What Is Investment Interest Expense?
An investment interest expense is any amount of interest that is paid on loan proceeds used to purchase investments or securities. Investment interest expenses include margin interest used to leverage securities in a brokerage account and interest on a loan used to buy property held for investment. An investment interest expense is deductible in certain circumstances.
- An investment interest expense is interest charged for a loan related to an investment, such as margin loan interest or interest on an investment property.
- If an investment is made for both personal and business gain, income and expenses must be allocated proportionally.
- Investment interest expense is tax-deductible in some circumstances, but not when used for passive ventures, such as investing in a business that the taxpayer owns, but does not actively manage.
Understanding Investment Interest Expense
An investment interest expense deductible is limited to the amount of investment income received, such as dividends and interest. If an investment is held for both business and personal gain, then any income received must be allocated proportionally between them. Personal investment interest expense is reported on Schedule A of 1040.
A common example of this type of expense is the application of proceeds from a margin loan, taken out with a brokerage, in order to purchase stock.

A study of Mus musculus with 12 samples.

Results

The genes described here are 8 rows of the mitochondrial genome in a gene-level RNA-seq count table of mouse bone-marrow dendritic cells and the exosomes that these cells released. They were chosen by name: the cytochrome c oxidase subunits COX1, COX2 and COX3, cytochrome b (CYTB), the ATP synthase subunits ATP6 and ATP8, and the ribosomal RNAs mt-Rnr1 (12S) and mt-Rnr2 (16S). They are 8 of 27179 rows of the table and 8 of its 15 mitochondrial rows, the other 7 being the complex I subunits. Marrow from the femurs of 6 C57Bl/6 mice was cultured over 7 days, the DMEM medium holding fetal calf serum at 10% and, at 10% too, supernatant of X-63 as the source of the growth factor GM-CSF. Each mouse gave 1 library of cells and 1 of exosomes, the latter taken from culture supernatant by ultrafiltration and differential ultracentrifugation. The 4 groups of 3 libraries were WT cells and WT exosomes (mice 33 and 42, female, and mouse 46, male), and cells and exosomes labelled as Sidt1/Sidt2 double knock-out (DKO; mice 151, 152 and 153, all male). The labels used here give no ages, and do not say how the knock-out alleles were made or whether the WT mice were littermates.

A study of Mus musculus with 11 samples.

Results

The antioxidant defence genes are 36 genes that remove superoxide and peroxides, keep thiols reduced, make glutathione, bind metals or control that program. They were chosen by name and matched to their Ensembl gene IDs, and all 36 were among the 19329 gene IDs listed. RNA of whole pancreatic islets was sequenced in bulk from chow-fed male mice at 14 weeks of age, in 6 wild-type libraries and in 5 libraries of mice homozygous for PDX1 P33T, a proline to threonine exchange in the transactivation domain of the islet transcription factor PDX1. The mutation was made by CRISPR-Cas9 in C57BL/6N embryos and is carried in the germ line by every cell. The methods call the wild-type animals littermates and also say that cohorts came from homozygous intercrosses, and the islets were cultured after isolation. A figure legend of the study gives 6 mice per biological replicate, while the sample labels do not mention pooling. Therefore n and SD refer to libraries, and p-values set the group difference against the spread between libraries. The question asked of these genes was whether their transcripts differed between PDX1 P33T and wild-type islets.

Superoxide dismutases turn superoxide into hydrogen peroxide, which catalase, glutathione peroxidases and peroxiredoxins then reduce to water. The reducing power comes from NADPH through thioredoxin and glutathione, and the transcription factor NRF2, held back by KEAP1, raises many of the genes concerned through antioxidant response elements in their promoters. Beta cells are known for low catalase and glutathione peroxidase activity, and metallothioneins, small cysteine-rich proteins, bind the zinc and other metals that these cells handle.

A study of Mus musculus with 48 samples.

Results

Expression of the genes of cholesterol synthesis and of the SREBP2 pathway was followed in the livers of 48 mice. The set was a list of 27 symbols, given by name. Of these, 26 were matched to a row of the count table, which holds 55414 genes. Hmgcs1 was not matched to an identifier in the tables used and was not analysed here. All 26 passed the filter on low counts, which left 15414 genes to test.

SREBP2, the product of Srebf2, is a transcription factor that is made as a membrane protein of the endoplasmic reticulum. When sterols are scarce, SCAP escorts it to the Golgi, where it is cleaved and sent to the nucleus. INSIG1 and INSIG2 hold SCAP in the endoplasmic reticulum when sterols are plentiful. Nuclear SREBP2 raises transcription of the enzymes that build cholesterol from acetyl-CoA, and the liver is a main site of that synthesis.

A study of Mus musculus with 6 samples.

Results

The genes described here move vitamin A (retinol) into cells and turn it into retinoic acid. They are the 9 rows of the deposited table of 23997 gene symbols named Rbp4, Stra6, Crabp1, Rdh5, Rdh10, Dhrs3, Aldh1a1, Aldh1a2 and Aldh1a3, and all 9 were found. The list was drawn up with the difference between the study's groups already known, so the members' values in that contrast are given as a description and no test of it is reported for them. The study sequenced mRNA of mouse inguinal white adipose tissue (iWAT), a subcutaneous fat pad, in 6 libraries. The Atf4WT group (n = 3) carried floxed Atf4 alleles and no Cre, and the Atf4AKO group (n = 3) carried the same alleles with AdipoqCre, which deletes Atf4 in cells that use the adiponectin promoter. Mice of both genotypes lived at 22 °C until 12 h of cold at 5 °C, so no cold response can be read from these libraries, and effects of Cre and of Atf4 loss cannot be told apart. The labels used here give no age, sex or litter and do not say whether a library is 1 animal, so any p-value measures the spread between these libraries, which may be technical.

A key aspect of investment interest expense is the property held for investment, which the proceeds from the loan were used to purchase. According to the tax code, this includes property that produces a gain or a loss. In addition to interest and dividends, this can also include royalties that were not derived from the ordinary course of trade or business.
There are a variety of limitations on the deductions that can be claimed on investment interest expenses. The deduction may not be claimed if the proceeds from the loan went towards a property that generates nontaxable income, such as tax-exempt bonds. The deduction on investment interest also cannot be larger than the investment income that was earned that year. It is possible for such excess to be carried forward into the next year’s tax filing.
The investment cannot have been made toward a so-called passive venture—for instance, if a taxpayer took out a loan to invest in a business they own but they do not take an active, material role in managing that business.
The interest on that loan would not qualify as an investment interest expense. Likewise, if the loan was put toward acquiring a rental property, this deductible could not be claimed against the interest paid on that loan. Under the tax code, renting a house or another property is typically deemed as a passive activity; the interest expense for such an investment would not qualify for such a deductible.
It could be possible, however, to claim an investment interest expense if a taxpayer took out a loan against the equity in their residence, and then used those proceeds towards investment in stock.